20.03.2024 to 10.06.2024
Humboldt Forum

Ink and paper, silk and lacquer, bronze work and certain forms of wooden architecture, writing, belief practices such as those of Buddhism, some of the foundational structures of state organisation, and conceptions of art – all of these were introduced to Japan from China, often via Korea. These influences not only shaped the materials and techniques used; Chinese visual motifs and formal design elements also made their way across to the island kingdom, often adapted to suit local needs and transformed through novel combinations, additions, or refinements.

This temporary presentation, which draws from the collection of the Museum für Asiatische Kunst, focuses on Chinese motifs in landscape and figure painting from 16th- to 19th-century Japan. A 16th-century painting that depicts returning sailboats in the night-time rain, for instance, is reminiscent of the “Eight Views of the Xiao and Xiang Rivers” landscape theme which was popularised in China in the 11th century. In adapted and altered form, these motifs can also be found in woodcuts, featured in scenes from the area surrounding Lake Biwa near Kyoto created by Utagawa Hiroshige around 1835.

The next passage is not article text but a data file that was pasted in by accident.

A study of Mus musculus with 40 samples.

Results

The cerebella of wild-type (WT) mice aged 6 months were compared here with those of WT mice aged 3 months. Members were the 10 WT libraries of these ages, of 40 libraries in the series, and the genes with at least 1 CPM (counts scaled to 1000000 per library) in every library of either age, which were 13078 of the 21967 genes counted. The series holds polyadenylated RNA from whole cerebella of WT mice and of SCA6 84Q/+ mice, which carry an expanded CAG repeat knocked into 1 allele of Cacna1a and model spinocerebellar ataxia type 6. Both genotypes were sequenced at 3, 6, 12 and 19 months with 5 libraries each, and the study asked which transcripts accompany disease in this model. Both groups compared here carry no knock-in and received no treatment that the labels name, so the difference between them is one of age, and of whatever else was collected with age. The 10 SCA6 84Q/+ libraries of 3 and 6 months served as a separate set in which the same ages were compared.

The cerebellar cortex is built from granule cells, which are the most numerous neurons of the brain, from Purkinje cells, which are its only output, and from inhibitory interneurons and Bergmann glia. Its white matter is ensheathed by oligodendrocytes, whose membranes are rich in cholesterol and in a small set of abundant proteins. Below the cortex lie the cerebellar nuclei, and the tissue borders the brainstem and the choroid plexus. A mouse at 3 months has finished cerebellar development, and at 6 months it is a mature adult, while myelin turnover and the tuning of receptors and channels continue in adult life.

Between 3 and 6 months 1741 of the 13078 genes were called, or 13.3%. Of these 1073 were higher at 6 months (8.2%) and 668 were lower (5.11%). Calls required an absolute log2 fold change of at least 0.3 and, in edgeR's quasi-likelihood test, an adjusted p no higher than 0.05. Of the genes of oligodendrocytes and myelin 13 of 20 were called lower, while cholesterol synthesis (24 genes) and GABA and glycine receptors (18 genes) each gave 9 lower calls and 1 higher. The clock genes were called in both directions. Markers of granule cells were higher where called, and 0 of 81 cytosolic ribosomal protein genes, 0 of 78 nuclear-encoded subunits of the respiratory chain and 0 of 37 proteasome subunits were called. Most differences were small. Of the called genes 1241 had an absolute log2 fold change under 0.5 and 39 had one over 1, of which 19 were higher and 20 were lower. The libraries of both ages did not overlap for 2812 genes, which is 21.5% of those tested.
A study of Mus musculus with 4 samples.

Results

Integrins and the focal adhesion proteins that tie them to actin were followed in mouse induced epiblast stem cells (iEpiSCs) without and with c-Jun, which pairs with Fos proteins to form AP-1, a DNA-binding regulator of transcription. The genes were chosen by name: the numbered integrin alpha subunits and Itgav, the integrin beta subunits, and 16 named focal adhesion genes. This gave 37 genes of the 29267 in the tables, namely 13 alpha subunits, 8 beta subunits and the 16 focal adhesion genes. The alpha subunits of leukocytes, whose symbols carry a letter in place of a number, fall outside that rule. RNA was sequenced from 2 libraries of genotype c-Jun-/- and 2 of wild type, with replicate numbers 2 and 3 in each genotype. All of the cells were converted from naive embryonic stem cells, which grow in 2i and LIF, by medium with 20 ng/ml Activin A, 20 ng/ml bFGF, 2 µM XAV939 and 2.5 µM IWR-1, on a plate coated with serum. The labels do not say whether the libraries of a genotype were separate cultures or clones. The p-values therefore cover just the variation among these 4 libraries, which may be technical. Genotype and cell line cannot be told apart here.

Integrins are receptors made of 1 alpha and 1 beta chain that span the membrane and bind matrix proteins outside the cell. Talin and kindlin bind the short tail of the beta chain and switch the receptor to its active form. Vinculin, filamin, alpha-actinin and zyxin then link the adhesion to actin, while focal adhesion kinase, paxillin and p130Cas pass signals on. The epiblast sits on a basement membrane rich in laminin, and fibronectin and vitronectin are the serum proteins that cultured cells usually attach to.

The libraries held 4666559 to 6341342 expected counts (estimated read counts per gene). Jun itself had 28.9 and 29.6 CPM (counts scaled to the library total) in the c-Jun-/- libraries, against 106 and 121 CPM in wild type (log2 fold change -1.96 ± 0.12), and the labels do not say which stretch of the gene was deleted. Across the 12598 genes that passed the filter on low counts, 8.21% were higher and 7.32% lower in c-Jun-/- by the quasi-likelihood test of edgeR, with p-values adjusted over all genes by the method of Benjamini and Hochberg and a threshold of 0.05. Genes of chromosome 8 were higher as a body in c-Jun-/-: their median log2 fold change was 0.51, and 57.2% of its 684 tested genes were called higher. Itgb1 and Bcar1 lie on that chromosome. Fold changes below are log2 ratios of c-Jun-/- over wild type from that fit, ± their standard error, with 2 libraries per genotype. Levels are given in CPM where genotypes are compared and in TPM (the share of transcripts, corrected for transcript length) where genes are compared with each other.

The Shōki Myth

Legendary demon slayer Zhong Kui, who embodies a high regard for education and the ideal of the mandarin, re-appears in images from 18th- and 19th-century Japan as Shōki. Colour woodcuts and a book of block prints that feature both Zhong Kui (Shōki) and the legendary painter Wo Daozi (ca. 680–740) attest to the sustained popularity and prevalence of his myth in early 19th-century Japan. Daoist beliefs that immortality or magical abilities could be acquired by way of certain practices are embodied in groups of serene older men, or in the figure of Wang Qiao flying on a goose on a scroll painting by Katsushika Hokusai.

An Idealised China

In Japan, the figure of the mandarin (who in China qualified for their position by proving their abilities in a series of exams – at least in theory) was often connected with a yearning for a romanticised mainland culture where knowledge and education counted for more than one’s social background and wealth. Conceptions of an idealised China as a kingdom of immortals are present in allusions to the “Peach Blossom Spring” myth and in a style of landscape painting that often took stylistic cues from Chinese role models. These works display places of longing for Japanese painters and document forms of cultural transfer as well as appropriation and adaptation that were cultivated over centuries.


A temporary presentation by the Museum für Asiatische Kunst of the Staatliche Museen zu Berlin in the Humboldt Forum, Room 318, “Art from Japan”.